Luxury Meals: Golden Dishes and Restaurants

From champagne with precious dust to edible metal leaves to garnish a risotto, to the world’s most expensive dessert


Five hundred years later, gold leaves, powder and petals have come back into fashion in the most exclusive of culinary spheres. Sounds strange? It shouldn’t. 24 karat gold can be consumed in small quantities (as top-tier chefs do) without causing any health problems. And its presence is sure to add lustre to any feast, worthy of kings, queens or even just fine dining lovers that are seeking something truly special.

It’s obligatory to begin with a first course: the famous saffron risotto by the Italian chef Gualtiero Marchesi, whose personal re-elaboration features the addition of a very thin piece of gold leaf positioned in the center of the dish. You can either enjoy this delicacy in his restaurant Il Marchesino or in your own kitchen by following the chef’s recipe.

If you’re curious about where this idea came from, don’t miss the story as told by Eugenio Medagliani, the absolute king of Italy’s finest kitchen tools, and a good friend of Marchesi’s. While this golden risotto, maybe one of the most famous dishes featuring this precious metal, it’s by no means the only one. Gold is often used to brighten dark colours, for visual delight: gold nuggets sometimes accompany squid ink tagliolini or risotti, and perfectly pair with fish entrées.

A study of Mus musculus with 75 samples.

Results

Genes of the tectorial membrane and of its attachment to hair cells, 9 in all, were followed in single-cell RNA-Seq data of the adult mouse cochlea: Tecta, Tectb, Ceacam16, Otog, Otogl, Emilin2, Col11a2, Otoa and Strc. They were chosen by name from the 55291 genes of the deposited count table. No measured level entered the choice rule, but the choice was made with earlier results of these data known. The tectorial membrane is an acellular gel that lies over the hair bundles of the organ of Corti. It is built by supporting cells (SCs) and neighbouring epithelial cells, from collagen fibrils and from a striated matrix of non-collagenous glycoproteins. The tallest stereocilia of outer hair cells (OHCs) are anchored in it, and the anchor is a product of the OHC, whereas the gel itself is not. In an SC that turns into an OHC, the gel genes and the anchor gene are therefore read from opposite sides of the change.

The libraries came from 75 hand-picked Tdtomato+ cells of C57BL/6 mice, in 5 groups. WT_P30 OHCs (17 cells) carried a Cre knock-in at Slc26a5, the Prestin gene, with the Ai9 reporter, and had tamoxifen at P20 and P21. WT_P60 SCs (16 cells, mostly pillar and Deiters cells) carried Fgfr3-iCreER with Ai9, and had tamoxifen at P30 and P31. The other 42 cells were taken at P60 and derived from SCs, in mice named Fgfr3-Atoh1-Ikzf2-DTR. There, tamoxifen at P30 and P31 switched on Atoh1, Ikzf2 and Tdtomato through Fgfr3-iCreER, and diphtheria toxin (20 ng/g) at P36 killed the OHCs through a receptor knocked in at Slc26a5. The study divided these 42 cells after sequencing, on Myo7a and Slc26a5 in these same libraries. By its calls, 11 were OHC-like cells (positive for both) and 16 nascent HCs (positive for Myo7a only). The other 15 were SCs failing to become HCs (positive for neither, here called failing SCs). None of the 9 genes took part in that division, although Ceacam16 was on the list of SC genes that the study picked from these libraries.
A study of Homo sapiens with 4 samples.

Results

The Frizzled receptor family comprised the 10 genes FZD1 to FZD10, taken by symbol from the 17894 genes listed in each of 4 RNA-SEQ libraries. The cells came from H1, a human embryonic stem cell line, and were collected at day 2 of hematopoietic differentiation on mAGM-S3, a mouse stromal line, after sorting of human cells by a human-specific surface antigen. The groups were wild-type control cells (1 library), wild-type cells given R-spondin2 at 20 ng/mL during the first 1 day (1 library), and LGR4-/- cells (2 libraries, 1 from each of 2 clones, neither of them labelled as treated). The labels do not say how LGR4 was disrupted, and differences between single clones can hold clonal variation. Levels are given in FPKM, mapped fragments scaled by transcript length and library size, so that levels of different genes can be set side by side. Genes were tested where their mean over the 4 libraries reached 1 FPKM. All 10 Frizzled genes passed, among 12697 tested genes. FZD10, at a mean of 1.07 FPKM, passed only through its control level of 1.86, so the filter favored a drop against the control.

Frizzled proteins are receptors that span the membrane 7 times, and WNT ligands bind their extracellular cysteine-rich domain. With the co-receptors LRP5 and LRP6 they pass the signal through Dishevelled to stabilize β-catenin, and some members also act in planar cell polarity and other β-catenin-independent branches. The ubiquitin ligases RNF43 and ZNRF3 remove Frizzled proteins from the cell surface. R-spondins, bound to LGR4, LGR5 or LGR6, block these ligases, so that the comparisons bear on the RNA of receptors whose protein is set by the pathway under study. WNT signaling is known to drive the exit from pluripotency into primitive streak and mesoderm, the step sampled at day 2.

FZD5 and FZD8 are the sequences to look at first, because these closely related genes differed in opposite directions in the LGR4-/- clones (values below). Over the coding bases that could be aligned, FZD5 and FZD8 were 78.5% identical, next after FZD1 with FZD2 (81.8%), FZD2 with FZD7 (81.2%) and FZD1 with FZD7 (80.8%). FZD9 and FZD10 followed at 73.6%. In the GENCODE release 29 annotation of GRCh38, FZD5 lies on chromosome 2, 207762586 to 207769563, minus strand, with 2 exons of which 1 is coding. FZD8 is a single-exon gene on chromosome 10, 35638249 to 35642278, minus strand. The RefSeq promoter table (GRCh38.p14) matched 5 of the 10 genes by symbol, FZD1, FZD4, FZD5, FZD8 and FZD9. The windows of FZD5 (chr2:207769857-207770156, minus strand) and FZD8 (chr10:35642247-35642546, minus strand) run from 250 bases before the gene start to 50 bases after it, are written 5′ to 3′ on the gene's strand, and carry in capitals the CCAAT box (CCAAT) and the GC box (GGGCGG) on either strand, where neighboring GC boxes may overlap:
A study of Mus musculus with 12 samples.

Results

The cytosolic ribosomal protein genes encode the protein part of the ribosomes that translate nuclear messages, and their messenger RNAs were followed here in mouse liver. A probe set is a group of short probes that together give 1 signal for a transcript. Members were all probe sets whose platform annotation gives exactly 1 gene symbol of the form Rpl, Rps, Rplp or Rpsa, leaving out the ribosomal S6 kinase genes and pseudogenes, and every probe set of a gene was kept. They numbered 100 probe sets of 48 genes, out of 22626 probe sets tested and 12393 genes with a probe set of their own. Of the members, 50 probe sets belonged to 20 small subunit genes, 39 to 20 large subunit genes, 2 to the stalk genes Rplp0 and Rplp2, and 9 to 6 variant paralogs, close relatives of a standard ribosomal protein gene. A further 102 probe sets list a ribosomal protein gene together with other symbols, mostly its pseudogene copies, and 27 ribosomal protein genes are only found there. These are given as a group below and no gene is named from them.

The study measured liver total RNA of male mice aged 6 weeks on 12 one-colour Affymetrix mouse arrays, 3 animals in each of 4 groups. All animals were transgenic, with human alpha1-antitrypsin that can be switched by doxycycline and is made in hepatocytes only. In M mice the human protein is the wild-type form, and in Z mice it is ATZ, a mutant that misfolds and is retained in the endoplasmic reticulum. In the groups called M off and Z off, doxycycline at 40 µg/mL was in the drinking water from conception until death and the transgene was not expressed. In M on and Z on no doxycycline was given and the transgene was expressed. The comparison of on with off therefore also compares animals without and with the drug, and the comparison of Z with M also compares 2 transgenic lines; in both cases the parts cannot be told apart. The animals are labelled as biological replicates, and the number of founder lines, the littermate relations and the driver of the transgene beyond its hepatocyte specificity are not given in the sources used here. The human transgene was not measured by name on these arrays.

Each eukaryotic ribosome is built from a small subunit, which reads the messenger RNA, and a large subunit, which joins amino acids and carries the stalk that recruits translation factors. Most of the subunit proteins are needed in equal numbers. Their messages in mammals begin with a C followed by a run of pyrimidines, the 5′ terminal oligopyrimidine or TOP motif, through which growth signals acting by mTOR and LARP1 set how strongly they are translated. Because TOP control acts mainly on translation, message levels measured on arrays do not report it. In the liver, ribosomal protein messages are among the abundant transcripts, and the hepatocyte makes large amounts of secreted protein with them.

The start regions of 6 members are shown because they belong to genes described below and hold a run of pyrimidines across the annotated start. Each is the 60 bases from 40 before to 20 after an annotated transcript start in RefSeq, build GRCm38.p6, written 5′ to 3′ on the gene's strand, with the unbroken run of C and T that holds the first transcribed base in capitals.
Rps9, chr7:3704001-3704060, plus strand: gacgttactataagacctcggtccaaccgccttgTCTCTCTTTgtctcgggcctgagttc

With no distinct taste, gold is added exclusively for visual impact, and for the texture of its powder. It can also be found in one of the most expensive versions of a typical “fast food” in the world: at Washington DC’s BLT Steak, a hamburger made from Japanese Kobe beef is garnished with Grey Poupon mustard, foie gras and gold leaves. The price? 58 dollars. In Dallas, the Marquee Grill offers a version accompanied by truffle French fries.

A special treat in and of themselves, dessert is the perfect time to indulge in gold, and chocolate is perhaps the perfect culinary match for it. The most elaborate, precious of desserts can be found at Serendipity3 in New York, where the famous scene of the eponymous film was shot: it’s a 1,000 dollar gelato made from Madagascar vanilla covered with gold leaf, topped with orange-juice sweetened caviar. An even richer version can be enjoyed for a mere 25,000 dollars.

But the “gold medal” for the world’s most expensive dessert goes to the cake from Britain’s Lindeth Howe Country House Hotel: 34,000 dollars for a chocolate cake decorated with gold leaves and roses. In the centre of one of these roses is a diamond ring. A fine way to pop the question to a lady with a sweet tooth.

What to drink along with your golden delight? Why not gold-infused champagne, or ice-cold vodka with golden flecks. And before bed, you can nibble on gold covered chocolates, 24 karat lollipops or even a tisane flecked with gold powder, which of course, you can also use on your lips, or to decorate your finest porcelain plates; you can find all these luxury treats on DeLafée.